By Sander Koyfman, M.D.
Did you know that one in every 25 adults in America lives with a serious mental illness and half of those begin experiencing symptoms by age 14? Mental illness cuts across all ages, races and socio-economic groups but many who experience symptoms or signs do not get the help they need.
We frequently think of mental health and substance use issues affecting some but sparing others. Reality is often simpler and more complicated. Though access to care, diagnosis and exposure to trauma may differ across socioeconomic layers — resulting problems impact all of us in essentially same ways.
According to the National Alliance on Mental Illness, about 60 percent of those with mental illness received no treatment in the previous year, and only 4.1 million of people dealing with substance use problems receive treatment every year. The statistics are startling and point to the fact that there is a real need to improve treatment rates for all Americans.
It is not uncommon to experience feelings of depression, anxiety, fear or exhaustion — especially when taking care of others or dealing with immediate stress. Impact of trauma and sleep problems on our daily resilience cannot be understated. When these problems become overwhelming — affecting your daily routine, making it impossible to function, rest and recover — talk to your loved ones and your doctor. Your physician is your partner in health. Don’t hesitate to let them know what you are dealing with. Remember, you are not alone.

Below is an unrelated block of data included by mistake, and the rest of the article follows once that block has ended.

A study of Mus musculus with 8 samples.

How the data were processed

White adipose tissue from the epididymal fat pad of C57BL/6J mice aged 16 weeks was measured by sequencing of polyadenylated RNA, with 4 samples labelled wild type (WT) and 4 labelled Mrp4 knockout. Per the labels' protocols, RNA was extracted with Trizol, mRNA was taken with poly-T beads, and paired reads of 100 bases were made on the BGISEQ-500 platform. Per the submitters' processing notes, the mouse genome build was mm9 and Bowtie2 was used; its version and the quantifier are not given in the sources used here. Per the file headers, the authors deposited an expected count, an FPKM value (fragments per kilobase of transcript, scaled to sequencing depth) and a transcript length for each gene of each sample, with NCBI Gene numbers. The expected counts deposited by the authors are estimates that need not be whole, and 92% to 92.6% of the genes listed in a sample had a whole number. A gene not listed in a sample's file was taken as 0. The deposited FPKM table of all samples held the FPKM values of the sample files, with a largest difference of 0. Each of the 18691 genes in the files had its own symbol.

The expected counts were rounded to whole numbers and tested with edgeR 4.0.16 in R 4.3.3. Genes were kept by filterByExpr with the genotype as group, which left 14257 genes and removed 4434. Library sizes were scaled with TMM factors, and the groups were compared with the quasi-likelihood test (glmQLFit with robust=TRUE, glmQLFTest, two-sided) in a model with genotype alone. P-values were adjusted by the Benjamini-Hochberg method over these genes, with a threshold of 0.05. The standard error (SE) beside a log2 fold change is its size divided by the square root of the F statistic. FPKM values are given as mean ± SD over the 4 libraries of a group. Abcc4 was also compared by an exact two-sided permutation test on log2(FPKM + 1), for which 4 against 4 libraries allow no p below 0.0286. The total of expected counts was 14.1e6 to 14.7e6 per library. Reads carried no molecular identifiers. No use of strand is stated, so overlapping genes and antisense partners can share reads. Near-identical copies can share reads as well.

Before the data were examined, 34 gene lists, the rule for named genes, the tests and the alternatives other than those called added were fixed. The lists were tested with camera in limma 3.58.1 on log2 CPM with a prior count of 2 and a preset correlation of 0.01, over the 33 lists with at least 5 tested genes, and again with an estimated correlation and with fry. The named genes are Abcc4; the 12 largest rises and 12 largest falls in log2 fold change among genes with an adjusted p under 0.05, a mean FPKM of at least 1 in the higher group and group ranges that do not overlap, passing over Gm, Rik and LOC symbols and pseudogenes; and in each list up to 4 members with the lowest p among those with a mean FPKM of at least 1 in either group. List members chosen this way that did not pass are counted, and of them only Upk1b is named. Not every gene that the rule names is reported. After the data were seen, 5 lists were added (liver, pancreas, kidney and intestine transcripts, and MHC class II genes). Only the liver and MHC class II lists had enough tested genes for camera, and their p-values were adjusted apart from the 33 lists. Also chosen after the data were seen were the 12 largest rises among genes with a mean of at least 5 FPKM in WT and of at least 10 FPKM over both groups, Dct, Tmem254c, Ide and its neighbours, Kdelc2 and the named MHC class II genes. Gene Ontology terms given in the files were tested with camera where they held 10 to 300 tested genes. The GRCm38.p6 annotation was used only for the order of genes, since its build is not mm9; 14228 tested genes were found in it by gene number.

Schedule annual wellness visits, even when you are not sick to keep your doctor involved and aware of your health. Just as you would talk to your doctor about pain in your arm, or problems with vision, you should share any feelings you are experiencing.
Here are some red flags to keep in mind for yourself or someone close to you. Don’t hesitate get help right away:
• Thoughts or plans of suicide (or of hurting himself or herself)
• Inability to eat or sleep
• Lacks interest in usual activities for many days
• Unable to find pleasure in things they’ve enjoyed in the past
• Emotions that interfere with daily activities and last more than a few days
• Trouble breathing
• Sweating more than usual
• New or unusual symptoms that cause concern
In addition to seeking help when you need it from a doctor or other medical professional, it is important to remain physically active and eat well to maintain a healthy state of mind. Just like not putting the right kind of gas in a car, there is mounting evidence that even your brain can be damaged if you fuel it with too much processed foods or refined sugars.
Most importantly – paying attention to how you feel is just as important as following your blood pressure or weight. Keep in touch with your doctor, friends, family and social networks –this can be an important way to maintain a social safety net to catch you if you fall.
Sander Koyfman is a board-certified psychiatrist who serves as the medical director for behavioral health at Wellcare Health Plans, Inc. He graduated from New York University and the State of New York Downstate Medical Center College of Medicine and completed his psychiatric training at Mount Sinai Hospital in New York City.